3D Printing post processes – Part 3: Gluing, bonding and combining parts

Urbee Schematics
Urbee Shell
Urbee & jimkor

Designers are often limited by the 3D printer’s build capacity. How about printing in parts to be joined together?

Urbee
The Urbee concept car was 3D printed from The Fortus Production Series.Top, from left: The design was broken into 9 parts to fit into the tray size; the part in its raw printed form; Jim Kor with the Urbee prototype and FDM full-scale, functional body panels bonded.

Quick contact adhesive for Polyjet and FDM

One of the most common fix to join parts, be it separate individual pieces or a torn edge, is to glue them. Using the most common of quick contact adhesive, affectionately known as super-glue (Cyanoacrylate adhesives), printed parts can be pieced together with ease.

Super glue contains methyl 2-cyanoacrylate, which can be considered to be handled with mild toxicity. However, it does not corrode or damage Polyjet photopolymers or FDM thermoplastics. Therefore, handle glue with minimum skin contact, and use sparingly on parts to prevent a bulge of dried adhesive forming on your seams.

TIP: try light sanding to finish off the seam area such that the glued area is not so prominent. Takes some practice to perfect the technique, but definitely worth the effort! We recommend Krazy Glue for its strength and quick dry.

Epoxy gluing for Polyjet and FDM

For the more experienced users, epoxy gluing offers a higher level of bonding. Epoxy is a two part adhesive with different range such as flexible to rigid, slow to fast curing, opaque to clear color and water-proof to water resistant, all for different applications. Epoxy adhesive can be used on both Polyjet and FDM parts.

Epoxy resins (polyepoxides) are reactive polymers that contain epoxide. They need to be cured by co-reactants (hardeners) through catalytic homopolymerisation to form a thermoset polymer. Cured epoxy resins are usually categorized with strong mechanical properties and high temperature and chemical resistance. For recommendation of epoxy adhesives, visit Henkel for the Hysol series.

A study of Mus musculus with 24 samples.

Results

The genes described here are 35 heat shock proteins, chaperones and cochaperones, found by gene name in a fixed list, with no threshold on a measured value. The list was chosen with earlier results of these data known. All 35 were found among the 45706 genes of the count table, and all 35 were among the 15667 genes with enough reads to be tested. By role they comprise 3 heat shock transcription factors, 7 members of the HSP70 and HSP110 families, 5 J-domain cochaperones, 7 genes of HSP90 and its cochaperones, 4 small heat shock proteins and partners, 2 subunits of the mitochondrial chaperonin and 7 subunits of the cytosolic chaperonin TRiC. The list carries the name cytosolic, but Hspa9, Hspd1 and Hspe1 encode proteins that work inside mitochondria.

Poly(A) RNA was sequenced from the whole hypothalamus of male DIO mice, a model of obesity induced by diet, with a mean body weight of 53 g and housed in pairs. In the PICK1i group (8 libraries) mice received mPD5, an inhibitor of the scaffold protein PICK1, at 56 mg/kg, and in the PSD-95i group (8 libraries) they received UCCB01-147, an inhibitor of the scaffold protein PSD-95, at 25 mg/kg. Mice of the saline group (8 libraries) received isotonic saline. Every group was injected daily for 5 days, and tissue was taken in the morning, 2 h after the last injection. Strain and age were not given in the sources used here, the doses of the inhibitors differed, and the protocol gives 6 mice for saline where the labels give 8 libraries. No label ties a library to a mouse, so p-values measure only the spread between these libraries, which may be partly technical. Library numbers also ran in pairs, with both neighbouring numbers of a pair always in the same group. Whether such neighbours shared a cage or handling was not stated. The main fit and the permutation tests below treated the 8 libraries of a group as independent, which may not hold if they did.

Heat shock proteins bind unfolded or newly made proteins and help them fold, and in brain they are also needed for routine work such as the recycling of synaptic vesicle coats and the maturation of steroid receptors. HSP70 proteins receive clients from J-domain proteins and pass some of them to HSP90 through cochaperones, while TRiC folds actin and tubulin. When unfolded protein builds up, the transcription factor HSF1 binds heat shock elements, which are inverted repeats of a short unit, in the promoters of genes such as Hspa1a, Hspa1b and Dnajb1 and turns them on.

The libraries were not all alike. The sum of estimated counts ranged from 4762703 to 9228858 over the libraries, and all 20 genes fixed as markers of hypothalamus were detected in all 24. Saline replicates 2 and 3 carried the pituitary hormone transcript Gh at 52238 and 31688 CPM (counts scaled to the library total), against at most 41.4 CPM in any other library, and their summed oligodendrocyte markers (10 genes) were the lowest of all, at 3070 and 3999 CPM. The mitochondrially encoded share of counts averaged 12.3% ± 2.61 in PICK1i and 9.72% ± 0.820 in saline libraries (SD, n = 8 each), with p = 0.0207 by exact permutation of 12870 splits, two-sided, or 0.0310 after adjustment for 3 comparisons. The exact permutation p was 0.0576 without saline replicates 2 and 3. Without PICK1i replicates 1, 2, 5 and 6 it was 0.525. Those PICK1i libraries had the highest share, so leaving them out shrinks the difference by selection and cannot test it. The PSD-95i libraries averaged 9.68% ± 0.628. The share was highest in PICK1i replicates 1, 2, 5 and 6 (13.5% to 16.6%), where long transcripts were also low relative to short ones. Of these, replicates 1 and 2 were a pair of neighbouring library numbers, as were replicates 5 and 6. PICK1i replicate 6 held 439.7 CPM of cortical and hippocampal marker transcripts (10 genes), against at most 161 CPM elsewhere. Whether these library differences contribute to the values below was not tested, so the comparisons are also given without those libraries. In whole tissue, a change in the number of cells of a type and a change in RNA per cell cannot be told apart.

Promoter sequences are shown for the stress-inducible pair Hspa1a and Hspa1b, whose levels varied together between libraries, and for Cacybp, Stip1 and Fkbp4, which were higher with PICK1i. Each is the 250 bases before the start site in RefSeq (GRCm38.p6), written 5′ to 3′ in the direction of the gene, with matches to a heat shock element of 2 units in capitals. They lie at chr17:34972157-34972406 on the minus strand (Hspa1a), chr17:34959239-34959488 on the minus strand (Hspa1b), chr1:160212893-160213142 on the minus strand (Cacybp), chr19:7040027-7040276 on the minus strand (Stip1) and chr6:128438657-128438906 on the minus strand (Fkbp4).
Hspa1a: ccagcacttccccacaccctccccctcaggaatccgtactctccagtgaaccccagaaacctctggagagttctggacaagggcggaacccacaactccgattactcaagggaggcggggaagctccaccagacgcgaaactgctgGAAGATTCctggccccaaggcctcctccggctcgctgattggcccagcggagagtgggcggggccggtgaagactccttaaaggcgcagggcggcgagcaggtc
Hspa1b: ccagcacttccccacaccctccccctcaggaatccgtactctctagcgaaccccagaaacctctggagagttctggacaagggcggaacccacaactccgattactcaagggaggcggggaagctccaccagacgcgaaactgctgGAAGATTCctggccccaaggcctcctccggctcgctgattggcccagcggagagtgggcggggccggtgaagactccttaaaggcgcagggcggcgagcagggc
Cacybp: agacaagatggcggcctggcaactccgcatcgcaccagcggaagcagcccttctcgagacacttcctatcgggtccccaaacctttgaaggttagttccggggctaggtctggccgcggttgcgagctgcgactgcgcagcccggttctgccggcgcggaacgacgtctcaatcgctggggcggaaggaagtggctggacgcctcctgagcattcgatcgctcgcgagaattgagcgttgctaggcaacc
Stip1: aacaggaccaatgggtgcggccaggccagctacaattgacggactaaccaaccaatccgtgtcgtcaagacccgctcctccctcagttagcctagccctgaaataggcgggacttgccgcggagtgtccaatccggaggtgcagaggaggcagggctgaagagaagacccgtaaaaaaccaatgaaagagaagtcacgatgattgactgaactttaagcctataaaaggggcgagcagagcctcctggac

TIP: Usage of water proof epoxy have been known to keep FDM parts water-tight by coating all exposed surfaces. Flexible property epoxy works well in the application to glue Polyjet Tango materials. A clear color epoxy was applied to the translucent ABSi material available on the Fortus systems; it resulted in a water-proof and increased clarity of the printed part. We recommend sanding down to achieve rough edges before applying epoxy for increased exposed surfaces, leading to stronger bond.

Tack Welding

De-burring and filament-welding for FDM

What better way to bond parts than to use its original material?

Thermoplastics melt with heat, and when dried, they also offer a substantial amount of bonding strength. This method offers an overall consistency of the joint part’s material integrity or property.

De-burring uses a power drill gun with the FDM ABS filament attached to the bits head and pressed against the conjoining seams. The rotation of the filament melts slightly on its end due to the friction caused by the drill and the part. Use slight pressure to “gun” the filament into the seams for a stronger bond.

Another method uses spare ABS/ PLA filament, preheated by a hot air gun to be pushed into the seams between the printed parts. The technique requires steady hands and good gauge of temperature as you would not want to overheat the printed part as well. It is a stronger bond as the melted filament goes deeper into the seams.

TIP: Use filament of the same material as your printed part to achieve better consistency. Do not use too long a filament for de-burring as it would snap from the pressure (no more than 4cm with 1.75mm filaments). Straighten the filament before welding by blowing hot air and setting it on flat surface for easier time. Read more here.

Soldering for FDM

This bonding technique combines the parts together by partially melting the conjoining surfaces to attach it together. Due to the volume that would be sacrificed in order to bond together, designers usually offset an additional buffer volume of variable thickness in compensation.

Place the FDM parts fitted together and using a soldering gun, trace the joint seams to melt both parts. Apply force to push the two parts together and hold while you move the gun down the line. Remember to do the same if the other edge of the seam is exposed as well.

TIP: Sand down the conjoining welded seam to smoothen your part and minimize visibility of a bonded edge.

Sanded

For more information, please contact us.